The unofficial World’s Largest Fishing Lure proved it’s able to catch as many people as its smaller counterparts can fish.
Marked as the Len Thompson No. 90 – in honour of the 90th anniversary of manufacturer Thompson-Pallister Bait Co. – the lure was formally unveiled to hundreds of citizens, anglers and aspiring anglers Saturday morning at the Len Thompson Fish Pond.
The event, which coincided with the annual Kids can Catch event, where the catch-and-release pond was freshly stocked with Rainbow Trout for the season, saw its biggest turnout ever as a result.
“I’ve got a huge smile on my face today,” said Brad Pallister, who co-owns Thompson-Pallister Bait Co. with his sister Jessica Pallister-Dew and father Richard Pallister.
“It’s actually been a stressful project because we didn’t know if it was actually going to work and then we got it up to a point where we were pretty confident it was going to work, but now that it’s up, it’s extremely exciting.”
Overall, the monument measures just over 40 feet, with a 28.5-long spoon and 14-foot long hook set to beat the 16-foot record set by a lure in West Texas, once they make the application to the Guinness Book of World Records. Combined, the spoon and hook weigh 3,500 lbs.
Many comments from those in attendance were surprise at how big the monument actually is, not to mention musings of what kind of fish such a lure would catch.
“Everybody’s pretty surprised at how big it is. They hear or see the specs, but when they get to see it, or sit on it, the thing I’ve heard most is: ‘Wow, that’s bigger than I thought,” he said.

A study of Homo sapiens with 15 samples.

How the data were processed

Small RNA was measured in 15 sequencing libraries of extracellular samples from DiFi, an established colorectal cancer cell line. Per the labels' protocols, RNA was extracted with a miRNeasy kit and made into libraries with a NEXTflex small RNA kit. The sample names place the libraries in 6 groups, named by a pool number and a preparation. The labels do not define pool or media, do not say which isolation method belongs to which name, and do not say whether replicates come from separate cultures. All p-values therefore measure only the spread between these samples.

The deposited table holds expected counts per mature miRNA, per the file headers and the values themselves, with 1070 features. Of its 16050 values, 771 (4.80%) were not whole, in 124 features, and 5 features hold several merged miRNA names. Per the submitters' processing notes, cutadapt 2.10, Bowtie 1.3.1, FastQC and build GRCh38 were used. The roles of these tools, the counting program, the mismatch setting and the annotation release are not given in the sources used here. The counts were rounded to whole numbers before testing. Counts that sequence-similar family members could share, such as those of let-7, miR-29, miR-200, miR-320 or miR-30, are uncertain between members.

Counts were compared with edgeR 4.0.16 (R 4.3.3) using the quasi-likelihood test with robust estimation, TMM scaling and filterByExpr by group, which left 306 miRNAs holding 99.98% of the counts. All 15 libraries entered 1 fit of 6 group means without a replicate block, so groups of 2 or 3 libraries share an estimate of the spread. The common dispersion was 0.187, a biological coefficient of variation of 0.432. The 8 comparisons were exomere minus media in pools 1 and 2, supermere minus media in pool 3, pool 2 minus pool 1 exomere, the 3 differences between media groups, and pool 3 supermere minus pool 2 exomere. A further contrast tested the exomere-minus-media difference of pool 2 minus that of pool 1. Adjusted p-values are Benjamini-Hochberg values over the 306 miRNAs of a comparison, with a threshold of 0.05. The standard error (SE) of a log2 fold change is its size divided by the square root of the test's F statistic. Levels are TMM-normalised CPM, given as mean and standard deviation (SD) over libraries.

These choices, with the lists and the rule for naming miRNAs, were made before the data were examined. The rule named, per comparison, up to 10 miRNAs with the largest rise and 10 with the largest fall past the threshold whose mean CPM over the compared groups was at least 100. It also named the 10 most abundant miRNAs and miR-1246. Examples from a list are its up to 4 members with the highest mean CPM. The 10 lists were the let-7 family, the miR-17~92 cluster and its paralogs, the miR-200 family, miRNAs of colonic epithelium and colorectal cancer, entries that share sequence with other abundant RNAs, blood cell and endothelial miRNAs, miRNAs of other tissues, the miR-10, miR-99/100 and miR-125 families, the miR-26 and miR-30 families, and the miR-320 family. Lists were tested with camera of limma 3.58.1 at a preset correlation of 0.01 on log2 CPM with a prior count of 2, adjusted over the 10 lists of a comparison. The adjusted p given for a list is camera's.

Among those awed by the size of the lure was Coun. Jonathan Jacobson.
“To be honest, I’m more impressed with the hook than anything. The whole thing is beautiful, but that hook Is a tremendous piece of fabrication,” Jacobson said.
“It’s phenomenal – not that we weren’t on the map before, but this should definitely put us on the map for folks who are driving by and want to see something that’s certainly going to be in the Guinness Book of World Records.”
He first found out about the project five to six months ago when it came across the ECHO Lacombe Fund desk. He described it as a weird request amongst the more typical beautification projects, but after doing some research into the company’s history and achievements, decided it made sense.
“They’ve been a tremendous corporate citizen. I wasn’t even aware until I started researching this file just how popular this brand of fish hook was throughout the country,” he said. “I’ve heard stories of people backpacking through Europe and staying in little hostiles there and the owners and fishers know about Lacombe because of this hook. It’s pretty interesting finding out how recognized around the world this hook is.”
An estimated 50 million lures have been sold over the past 90 years, including more than 60 in Lacombe. Some anglers believe no respectable tackle box is without a Five of Diamonds, and other companies have tried to duplicate the pattern.
They’ll have a tough time duplicating the No. 90, which will entrench the Thompson-Pallister legacy in the community – and hopefully world – for years to come.
Now that it’s been formally unveiled, the application and official final measurements are expected to be sent to the Guinness Book of World Records next week.
“I hope it doesn’t get old. I hope it doesn’t blend into the environment,” said Pallister. “I hope it’s going to be a big source of pride for a lot of years – hopefully decades.
“It wasn’t cheap, but it was well worth it – every penny of it.”